Appeals Court: Morgan Creek Owes $5.7 Million Over Robert De Niro Film
A Japanese film distributor wins again after an appellate judge refuses to accept the difference between two similarly named companies.
A California appeals court Friday ruled that Morgan Creek can't escape money that's due to a Japanese distributor for the 2006 film The Good Shepherd, directed by Robert De Niro and starring Matt Damon, Angelina Jolie and Alec Baldwin.
As The Hollywood Reporter detailed in September, Morgan Creek was facing a potential restraining order and a frozen bank account after refusing to pay up after an arbitrator's decision in favor of Japanese distributor Toho-Towa Co. Morgan Creek had to deliver $5.7 million out of contractual obligations that required the producer to make up any shortfall in the film's box-office performance from its cost to distribute. The Good Shepherd earned only $3.3 million in Japan, which led Toho-Towa to demand repayment of 434 million yen.
As Toho-Towa pursued the money, looking to serve notice on third parties that any money credited to Morgan Creek should be diverted to Toho-Towa, an attorney for Morgan Creek told THR at the time that the company's ex-attorneys had screwed up by not making a bigger issue of the fact that Toho-Towa's agreement was with Morgan Creek International rather than Morgan Creek Productions.
That was challenged at the appellate stage, and the result is not in Morgan Creek's favor.
California appeals judge Vincent O'Neill had to analyze whether a trial judge was properly authorized to add Morgan Creek Productions to a judgment against Morgan Creek International B.V. and Morgan Creek International Ltd.
The appellant argued that there was "no alter ego liability" on MCP's part.
O'Neill agrees the the lower court made no error.
"There is substantial evidence for the trial court's finding that MCP, B.V. and Ltd. were part of a single business enterprise," he writes.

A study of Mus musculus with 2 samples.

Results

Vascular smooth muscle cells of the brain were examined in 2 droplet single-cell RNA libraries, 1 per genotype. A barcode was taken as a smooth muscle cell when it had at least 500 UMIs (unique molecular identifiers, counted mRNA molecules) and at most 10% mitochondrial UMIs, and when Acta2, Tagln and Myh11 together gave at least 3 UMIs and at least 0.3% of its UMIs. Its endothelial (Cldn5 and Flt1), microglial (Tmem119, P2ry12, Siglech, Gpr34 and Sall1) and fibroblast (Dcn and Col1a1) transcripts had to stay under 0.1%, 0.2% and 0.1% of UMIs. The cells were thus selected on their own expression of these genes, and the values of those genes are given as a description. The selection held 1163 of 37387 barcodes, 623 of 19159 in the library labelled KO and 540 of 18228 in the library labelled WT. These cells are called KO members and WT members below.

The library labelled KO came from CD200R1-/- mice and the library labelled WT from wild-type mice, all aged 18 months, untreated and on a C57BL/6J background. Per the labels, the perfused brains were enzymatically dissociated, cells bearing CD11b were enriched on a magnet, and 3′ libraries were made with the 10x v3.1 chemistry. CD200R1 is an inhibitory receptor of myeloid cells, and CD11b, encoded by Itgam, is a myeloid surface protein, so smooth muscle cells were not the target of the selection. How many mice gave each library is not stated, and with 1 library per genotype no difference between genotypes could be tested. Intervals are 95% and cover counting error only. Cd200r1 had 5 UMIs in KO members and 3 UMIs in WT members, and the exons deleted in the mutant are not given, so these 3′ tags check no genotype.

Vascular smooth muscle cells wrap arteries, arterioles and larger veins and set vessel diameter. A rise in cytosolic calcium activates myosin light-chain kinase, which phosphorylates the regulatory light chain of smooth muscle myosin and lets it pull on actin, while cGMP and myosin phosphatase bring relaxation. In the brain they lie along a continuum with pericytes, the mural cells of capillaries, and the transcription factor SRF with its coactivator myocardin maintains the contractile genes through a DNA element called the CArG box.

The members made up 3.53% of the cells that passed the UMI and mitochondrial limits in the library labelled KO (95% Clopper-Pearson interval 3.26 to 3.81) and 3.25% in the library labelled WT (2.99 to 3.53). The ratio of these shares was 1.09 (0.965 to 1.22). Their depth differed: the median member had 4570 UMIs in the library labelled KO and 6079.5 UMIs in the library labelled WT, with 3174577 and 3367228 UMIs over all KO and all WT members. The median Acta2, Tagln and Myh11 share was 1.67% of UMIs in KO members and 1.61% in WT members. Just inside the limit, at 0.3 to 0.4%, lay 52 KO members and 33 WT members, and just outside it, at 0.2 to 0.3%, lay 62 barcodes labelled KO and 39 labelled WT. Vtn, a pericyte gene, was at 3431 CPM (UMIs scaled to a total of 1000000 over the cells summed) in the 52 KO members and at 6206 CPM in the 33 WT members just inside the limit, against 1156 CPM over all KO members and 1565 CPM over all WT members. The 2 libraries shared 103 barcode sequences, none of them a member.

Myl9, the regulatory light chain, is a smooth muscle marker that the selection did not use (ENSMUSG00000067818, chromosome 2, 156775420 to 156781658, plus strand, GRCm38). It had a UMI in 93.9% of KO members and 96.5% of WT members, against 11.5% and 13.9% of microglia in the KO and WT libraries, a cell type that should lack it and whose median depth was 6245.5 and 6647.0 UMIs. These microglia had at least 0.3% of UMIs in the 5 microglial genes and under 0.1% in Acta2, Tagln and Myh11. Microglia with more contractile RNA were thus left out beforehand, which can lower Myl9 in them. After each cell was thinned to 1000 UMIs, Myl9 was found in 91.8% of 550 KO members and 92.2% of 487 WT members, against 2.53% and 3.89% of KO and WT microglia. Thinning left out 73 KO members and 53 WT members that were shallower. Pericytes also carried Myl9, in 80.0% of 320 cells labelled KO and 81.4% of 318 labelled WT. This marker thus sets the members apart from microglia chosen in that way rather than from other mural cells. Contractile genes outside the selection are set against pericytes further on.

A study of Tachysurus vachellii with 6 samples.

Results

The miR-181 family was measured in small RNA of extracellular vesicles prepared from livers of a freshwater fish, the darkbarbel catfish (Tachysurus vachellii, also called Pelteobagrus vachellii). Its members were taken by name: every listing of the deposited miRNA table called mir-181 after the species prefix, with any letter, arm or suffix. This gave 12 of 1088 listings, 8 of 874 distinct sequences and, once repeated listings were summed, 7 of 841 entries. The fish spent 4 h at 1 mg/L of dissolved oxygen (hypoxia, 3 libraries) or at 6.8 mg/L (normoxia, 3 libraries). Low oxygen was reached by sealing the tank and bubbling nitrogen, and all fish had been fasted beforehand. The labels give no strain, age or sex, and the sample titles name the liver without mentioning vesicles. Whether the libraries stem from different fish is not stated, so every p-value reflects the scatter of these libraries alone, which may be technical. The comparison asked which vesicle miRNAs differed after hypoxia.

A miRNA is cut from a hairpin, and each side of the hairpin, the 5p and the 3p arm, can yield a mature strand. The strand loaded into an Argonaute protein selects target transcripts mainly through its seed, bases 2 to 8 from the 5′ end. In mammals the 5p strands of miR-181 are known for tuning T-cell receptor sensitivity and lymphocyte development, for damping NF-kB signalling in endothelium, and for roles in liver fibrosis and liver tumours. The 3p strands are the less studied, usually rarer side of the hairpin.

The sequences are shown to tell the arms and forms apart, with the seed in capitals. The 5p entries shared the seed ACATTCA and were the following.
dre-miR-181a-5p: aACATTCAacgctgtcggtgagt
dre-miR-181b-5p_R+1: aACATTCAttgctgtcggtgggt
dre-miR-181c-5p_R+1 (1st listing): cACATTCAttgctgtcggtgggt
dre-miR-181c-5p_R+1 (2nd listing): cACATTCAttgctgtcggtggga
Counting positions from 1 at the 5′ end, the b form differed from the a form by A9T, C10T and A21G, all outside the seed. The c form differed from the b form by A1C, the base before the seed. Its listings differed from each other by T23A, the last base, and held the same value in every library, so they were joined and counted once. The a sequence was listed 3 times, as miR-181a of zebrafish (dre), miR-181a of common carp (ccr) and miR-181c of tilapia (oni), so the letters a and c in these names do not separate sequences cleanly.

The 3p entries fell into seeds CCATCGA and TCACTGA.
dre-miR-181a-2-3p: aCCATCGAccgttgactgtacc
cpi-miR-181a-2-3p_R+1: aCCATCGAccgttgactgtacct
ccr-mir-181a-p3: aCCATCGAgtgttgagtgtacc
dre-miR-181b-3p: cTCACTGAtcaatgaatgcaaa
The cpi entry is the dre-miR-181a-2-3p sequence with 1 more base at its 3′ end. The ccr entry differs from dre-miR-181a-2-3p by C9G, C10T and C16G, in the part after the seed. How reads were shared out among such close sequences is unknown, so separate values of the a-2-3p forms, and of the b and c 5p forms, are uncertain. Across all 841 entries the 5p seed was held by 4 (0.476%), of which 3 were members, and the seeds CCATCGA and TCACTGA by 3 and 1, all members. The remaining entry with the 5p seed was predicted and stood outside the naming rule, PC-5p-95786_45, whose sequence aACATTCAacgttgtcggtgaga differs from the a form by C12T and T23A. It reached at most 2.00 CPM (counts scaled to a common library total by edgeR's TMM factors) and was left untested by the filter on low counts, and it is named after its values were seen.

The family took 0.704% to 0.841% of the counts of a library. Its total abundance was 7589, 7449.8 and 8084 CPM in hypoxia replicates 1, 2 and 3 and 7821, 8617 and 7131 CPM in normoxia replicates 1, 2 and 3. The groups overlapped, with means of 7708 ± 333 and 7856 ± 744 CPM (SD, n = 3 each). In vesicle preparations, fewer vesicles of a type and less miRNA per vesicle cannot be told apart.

Among the cited evidence was that the three entities were owned by the same person, James G. Robinson, that they all exploited the same assets and that work was performed by employees of MCP.
The judge also says in the ruling:
"There is also substantial evidence for the court's conclusion that it would be inequitable to uphold B.V.'s separate existence under the circumstances of this case. Toho-Towa negotiated the distribution rights to the Picture with MCP. When that negotiation was concluded, MCP told Toho-Towa that the contract would actually be with B.V., not MCP, because this was how MCP conducted its distribution business. MCP assured Toho-Towa that there would be sufficient assets to pay Toho-Towa any monies due under the agreement. Toho-Towa was not told and did not know that B.V.'s financial operations were structured by MCP in such a way that it never received any money from its licensees, and thus would not have funds to meet its payment obligations under the agreement. In sum, it would be inequitable to permit MCP, the alter ego of B.V., to shift liability to B.V. after ensuring that B.V. would have no funds to pay its debts."
Finally, the judge declines to overturn the ruling based upon the former attorney's alleged failings.
The impact of the ruling to Morgan Creek could be large. Besides fighting with this Japanese distributor over money owed, the company also has been battling Kevin Costner over profits from the 1991 blockbuster film Robin Hood: Prince of Thieves. In that case, Morgan Creek also has attempted to shift liability to its international division now in bankruptcy.